In the spring of 1972, Step Bronstad steps into line at a Military Entrance Processing Station, "surrounded by dozens of other young men about to begin an odyssey that would likely place most of us in the war-torn jungles of Vietnam." When he is hustled into an interrogation room, forced to answer questions about his troubled and violent past, the young man from a Pacific Northwest logging town must choose between marching into the throat of a war that he might not survive, facing conviction and imprisonment for the crimes of his youth, or electing to become the government's errand boy, running covert and dangerous missions for the CIA.
While the plot might smack of the traditional CIA henchman-with-a-heart-of-gold story, "Errand Runner"—the debut novel of Steven Berg, a Bend resident since 1980—offers much more than espionage and political thrills. Berg, who like his protagonist, was born in North Dakota and moved west as a young man, manages to weave together one man's personal struggle with the transformative historical events of 1970s global terrorism into an action-packed romp through the United States, England, and eventually into the middle of the Israeli hostage crisis at the Munich Olympic Games and beyond.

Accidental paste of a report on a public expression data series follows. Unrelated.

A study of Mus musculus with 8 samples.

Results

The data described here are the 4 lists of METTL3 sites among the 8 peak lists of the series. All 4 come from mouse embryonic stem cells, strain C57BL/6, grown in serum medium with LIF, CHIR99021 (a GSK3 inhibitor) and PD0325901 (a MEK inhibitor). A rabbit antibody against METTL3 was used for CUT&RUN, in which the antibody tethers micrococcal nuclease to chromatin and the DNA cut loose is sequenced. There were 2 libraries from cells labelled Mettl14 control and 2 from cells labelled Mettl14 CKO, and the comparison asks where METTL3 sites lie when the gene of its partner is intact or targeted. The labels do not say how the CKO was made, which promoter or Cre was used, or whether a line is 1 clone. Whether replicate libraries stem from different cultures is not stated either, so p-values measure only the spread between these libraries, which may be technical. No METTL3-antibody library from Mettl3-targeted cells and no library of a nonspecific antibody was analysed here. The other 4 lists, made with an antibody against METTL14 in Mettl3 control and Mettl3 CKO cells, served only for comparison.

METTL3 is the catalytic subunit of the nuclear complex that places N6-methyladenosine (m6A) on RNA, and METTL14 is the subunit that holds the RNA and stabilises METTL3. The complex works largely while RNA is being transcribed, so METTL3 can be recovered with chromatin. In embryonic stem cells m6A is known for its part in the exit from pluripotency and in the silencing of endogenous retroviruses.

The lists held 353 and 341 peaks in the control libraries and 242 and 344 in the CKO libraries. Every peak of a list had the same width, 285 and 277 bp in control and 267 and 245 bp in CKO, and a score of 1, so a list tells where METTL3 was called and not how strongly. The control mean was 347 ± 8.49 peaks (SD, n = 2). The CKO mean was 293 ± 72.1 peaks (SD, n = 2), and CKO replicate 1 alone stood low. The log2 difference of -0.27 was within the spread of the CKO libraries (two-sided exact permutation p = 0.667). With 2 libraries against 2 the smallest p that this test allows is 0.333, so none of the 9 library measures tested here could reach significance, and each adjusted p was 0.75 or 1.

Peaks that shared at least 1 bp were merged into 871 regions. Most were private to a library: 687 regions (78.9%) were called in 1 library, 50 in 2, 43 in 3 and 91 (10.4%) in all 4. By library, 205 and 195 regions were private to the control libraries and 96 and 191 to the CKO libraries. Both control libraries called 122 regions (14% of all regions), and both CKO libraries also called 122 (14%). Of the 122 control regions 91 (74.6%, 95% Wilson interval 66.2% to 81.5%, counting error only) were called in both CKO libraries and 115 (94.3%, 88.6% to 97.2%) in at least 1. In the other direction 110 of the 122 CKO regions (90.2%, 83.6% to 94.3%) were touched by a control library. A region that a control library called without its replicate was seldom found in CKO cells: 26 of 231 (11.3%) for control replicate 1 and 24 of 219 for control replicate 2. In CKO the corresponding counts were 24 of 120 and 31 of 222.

What sets this book apart from the run-of-the-mill spy jaunt is Berg's surprisingly intimate perspective, born out through the first person narrative of young Step. It's not often that you see such different worlds intertwined—that of an ordinary if hapless youngster, within the complex world of international anti-terrorism—in a way that doesn't seem disingenuous and forced. Yet here we find a fresh and interesting voice, experiencing the horror and scale of what he asked to participate in, that is far more convincing than the deadpan narration of a Bourne or Bond. Berg's use of humor, which might seem at first to work against the serious nature of his character's dilemmas, is a welcome shift, and forces the reader toward a more dynamic and multi-dimensional reading experience.
What is it about the espionage novel that is so compelling? Perhaps we can partially explain the appeal by the fact that stories about spies celebrate disguise, dissimulation, and cunning, and go beyond the limits of the law, which is understood to be insufficiently protective or slow in its workings. But there are disadvantages as well; the spy is never fully innocent, just as his situations are never transparent. Berg doesn't shy away from this ambiguous ethical knot. In an era of increasing terrorist violence and uncertainty, Berg pursues here a survey of what has come before, which he himself witnessed first hand. "Experiencing the Olympic massacre in Munich was deeply scarring," Berg says. "It was a worthwhile but psychologically jarring experience translating these events and emotions to print." While the reader will likely be similarly jarred, conspiracy theorists and fans of the can't-put-it-down spy thriller genre won't be disappointed.